Advice columns helpful not hurtful

The benefits of advice

A message on talking to friends

Gigi Allen

A message on talking to friends

by Gigi Allen, Staff Writers

An advice column is an (often anonymous) reader that writes to a media outlet with a problem or situation in the form of a question, then said media outlet will provide the writer with an answer or advice. This tactic provides the same relief as talking, working through a problem to find a solution. And talking is a proven therapy to battle mental diseases and improve behavior and confidence in teens. Currently there is no advice column for the school. But there are so many reasons why having one would be beneficial.

Talking to another peer or an anonymous advice columnist can help reduce stress. Talking therapies also help with;

A survey showed that most students would find help from their peers with problems then ask help from an adult. That there is a significant decrease in students who talk or participate in peer counseling . The same survey says that teen suicide rose 8% from 2003-2004 which is the highest annual rise in 15 years. The top five things that teens worry about are:

  1. Grades, school work, homework- 36%
  2. Family-32%
  3. Friends-21%
  4. Brothers and sisters-20%
  5. Mean or annoying people-20%

Advice columns answer and deal with all these issues and more, it offers advice and a safe place for teens or anyone to be anonymous and get the help they need. To help lower stress by talking, a key ingredient is having the availability for the person giving the advice to not already have a pre-existing idea of how the person needing help should think or feel about something, but instead, having someone who is a good listener and who is available to talk to regularly. Advice columns don’t just happen or deal with one persons letter, they answer emails and letters to as many people they can. Many of them have blogs set up so their readers can talk to them regularly.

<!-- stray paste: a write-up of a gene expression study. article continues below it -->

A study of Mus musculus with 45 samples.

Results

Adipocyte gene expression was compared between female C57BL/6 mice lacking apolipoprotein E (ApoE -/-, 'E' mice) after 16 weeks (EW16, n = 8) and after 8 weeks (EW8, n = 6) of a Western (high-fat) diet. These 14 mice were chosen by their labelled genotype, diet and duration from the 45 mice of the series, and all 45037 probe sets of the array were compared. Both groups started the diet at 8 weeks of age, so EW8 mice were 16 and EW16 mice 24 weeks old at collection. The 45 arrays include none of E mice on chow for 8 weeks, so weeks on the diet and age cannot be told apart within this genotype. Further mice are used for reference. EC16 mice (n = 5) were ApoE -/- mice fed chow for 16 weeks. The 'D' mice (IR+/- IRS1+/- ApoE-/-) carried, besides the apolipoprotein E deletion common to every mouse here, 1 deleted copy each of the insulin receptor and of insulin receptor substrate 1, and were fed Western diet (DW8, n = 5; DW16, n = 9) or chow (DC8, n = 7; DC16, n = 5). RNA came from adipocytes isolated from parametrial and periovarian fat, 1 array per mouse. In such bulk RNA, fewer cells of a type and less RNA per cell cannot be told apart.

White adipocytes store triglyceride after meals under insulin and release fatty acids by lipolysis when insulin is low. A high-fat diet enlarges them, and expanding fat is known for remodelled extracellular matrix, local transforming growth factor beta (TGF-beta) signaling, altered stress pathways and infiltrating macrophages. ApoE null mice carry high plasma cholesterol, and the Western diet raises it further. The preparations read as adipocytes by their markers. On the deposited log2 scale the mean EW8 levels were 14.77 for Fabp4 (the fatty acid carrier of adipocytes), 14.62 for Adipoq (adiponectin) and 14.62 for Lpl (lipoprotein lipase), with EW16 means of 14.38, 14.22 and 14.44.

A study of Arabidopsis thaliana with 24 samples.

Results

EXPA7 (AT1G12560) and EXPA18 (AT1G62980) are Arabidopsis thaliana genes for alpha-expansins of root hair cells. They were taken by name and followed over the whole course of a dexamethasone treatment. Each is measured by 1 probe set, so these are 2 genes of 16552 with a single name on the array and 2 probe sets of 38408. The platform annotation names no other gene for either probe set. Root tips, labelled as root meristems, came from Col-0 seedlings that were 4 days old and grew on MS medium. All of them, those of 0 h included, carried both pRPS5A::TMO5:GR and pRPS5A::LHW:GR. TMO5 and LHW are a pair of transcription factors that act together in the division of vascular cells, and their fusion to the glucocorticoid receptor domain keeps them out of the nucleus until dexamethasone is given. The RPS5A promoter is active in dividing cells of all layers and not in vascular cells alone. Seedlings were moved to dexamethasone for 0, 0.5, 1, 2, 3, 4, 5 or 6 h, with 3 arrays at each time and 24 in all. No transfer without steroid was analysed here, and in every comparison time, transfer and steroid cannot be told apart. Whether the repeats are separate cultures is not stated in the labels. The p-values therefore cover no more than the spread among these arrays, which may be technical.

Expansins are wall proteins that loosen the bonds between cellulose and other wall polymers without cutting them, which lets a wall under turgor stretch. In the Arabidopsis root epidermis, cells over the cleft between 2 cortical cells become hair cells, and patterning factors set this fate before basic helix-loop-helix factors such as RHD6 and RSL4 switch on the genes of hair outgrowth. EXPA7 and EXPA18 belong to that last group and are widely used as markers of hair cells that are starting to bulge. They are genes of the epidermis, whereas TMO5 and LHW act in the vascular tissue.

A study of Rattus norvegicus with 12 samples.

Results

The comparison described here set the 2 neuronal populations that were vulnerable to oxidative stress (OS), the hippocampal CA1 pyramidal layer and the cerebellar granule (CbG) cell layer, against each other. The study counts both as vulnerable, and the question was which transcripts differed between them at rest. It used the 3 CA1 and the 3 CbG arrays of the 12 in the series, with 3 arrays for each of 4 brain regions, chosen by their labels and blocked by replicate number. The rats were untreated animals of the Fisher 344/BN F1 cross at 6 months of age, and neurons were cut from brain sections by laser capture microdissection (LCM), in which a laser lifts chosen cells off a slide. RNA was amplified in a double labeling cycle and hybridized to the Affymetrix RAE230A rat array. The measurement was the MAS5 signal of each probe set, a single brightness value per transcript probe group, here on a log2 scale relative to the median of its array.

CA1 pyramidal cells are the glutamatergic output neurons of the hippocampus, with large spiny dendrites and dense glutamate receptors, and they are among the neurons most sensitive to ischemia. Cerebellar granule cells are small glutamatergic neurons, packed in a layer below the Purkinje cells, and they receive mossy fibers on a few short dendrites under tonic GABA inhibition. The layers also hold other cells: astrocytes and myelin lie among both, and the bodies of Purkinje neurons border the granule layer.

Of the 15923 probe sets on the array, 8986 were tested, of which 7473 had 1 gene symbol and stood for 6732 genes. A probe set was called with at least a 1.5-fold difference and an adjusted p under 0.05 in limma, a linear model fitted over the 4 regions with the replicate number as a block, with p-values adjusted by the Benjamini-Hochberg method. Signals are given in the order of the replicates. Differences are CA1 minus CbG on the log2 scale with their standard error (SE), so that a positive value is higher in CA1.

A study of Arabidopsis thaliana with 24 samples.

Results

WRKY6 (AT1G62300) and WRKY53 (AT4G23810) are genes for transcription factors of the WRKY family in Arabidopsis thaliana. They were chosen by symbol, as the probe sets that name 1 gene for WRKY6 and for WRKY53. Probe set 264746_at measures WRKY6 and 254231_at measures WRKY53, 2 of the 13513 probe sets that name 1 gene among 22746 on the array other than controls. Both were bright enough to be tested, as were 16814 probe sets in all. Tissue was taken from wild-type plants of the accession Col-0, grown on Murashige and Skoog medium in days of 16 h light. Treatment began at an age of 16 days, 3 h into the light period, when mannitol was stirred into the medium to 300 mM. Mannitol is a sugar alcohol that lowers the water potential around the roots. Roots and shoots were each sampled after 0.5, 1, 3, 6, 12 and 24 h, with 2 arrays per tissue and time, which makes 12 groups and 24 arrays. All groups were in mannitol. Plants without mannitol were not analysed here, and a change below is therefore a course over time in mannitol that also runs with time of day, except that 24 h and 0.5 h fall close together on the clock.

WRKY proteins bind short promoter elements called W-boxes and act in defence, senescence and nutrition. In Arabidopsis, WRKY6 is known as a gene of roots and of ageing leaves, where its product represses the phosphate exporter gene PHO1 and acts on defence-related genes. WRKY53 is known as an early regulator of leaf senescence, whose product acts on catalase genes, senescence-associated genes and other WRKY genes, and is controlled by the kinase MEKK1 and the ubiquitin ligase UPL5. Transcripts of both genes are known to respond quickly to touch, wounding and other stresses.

Peer mentoring is an option many schools are taking to help with attendance rates and with behavioral issues. Researchers from the Everyone Graduates Center at the Johns Hopkins University found that students who were a part of the Peer Group Connection or in other teacher run programs, showed greater attendance in school. All the research is out there that peer mentoring and talking and communicating about problems is helpful to teens.

So a peer run advice column isn’t outside the realm of possibilities as a way to reach the students who need someone who they feel is on their side to talk to. The school district is worried about peers giving peers advice but that is already happening. So why not make it into something that can be official, teachers picking out those who they feel are leaders and can help others work through issues; provide a forum for other teens to see that they aren’t the only ones suffering from the same problem.